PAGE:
So when Rudy Giuliani took Communion at St. Patrick’s Cathedral during the Pope’s visit to New York, lightning did not strike him dead on the spot?
I have a terrible confession to make. Even as a nonbeliever, I have sometimes been tempted to take Communion. You feel left out sitting there in the pew, conspicuous in your lack of faith, your sinfulness, your apostasy. Nobody likes to feel left out, least of all the guy who used to be in charge of it all.
It’s a bit of a quandary, even if you’re not a former mayor of New York City eager to hobnob with the Pope and his bishops, and don’t have a complicated history of marrying your cousin (though that was annulled) and divorcing your second wife (if the first one counted at all), not to mention going public in support of a woman’s right to choose (Good God, this is New York City, not Indiana—how’s a guy supposed to get elected unless he has a liberal streak?). Like Rudy, I was taught that it was a sin to receive Communion if you were not in a state of grace, and even though I am not now a believer, I hesitate to commit this sin. Why dread the offense if you are no longer of the faith that counts it an offense? Because they got me when I was young.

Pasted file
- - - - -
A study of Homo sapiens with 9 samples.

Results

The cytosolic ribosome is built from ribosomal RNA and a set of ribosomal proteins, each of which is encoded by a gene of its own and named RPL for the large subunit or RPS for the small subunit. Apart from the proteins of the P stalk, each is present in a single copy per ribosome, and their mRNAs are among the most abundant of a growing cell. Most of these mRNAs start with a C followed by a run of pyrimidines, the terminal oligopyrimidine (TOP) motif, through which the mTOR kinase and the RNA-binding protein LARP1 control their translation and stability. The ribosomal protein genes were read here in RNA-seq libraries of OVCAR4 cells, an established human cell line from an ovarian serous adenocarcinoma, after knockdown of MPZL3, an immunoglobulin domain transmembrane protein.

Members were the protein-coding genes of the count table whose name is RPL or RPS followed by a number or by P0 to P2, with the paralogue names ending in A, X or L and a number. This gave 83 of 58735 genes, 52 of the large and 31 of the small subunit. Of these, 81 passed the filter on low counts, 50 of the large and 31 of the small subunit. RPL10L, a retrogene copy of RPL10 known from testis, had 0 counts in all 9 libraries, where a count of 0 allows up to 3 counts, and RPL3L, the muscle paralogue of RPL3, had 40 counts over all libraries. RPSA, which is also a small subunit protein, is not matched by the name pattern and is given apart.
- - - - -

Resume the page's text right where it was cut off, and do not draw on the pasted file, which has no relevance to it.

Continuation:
Once in Venice, I stumbled onto a Mass in Latin—I believe it was at San Giorgio Maggiore—and avidly followed along in “The Companion Guide to Venice,” the Gospel according to Hugh Honour. In an effort to get a closer look at the paintings in the sanctuary, I took Communion, eyes wide open. It was the first time I had ever dared. I felt quite evil, combining mortal sin and art history. Afterward, browsing a table set up with postcards and literature—I was probably angling to get a look at the cloister (I love cloisters)—I attempted to compliment and ingratiate myself with the priest, a Benedictine, seated behind the table by saying something like “Nice Mass.” I fumbled it, got the gender wrong or something, and maybe it was not such a good thing to say anyway, but when another priest came up and said to me in Italian, “Do you speak Italian?” the seated priest spoke up, and said “No,” emphatically. Until then I had not realized that Benedictines took a vow of cruelty.
The last time I received Communion was at the requiem Mass for my father, when my mother, newly widowed, seemed to want the support of her children as she headed up to the Communion rail. We all went along with her—it was a spontaneous gesture of solidarity, of coming together over my father. It felt right. Lightning did not strike.
Poor Rudy. He’s not even running for anything anymore. He was probably just trying to make the Pope feel at home. If he had decided not to take Communion, and stepped humbly aside, letting everyone pass on the way to the center aisle, the Post headline would have read, “RUDY TO JESUS: NO THANKS.”
Speaking of the Eucharist, I guess it’s almost time to put my Last Supper pillows away for the season. I don't have an Ascension pillow.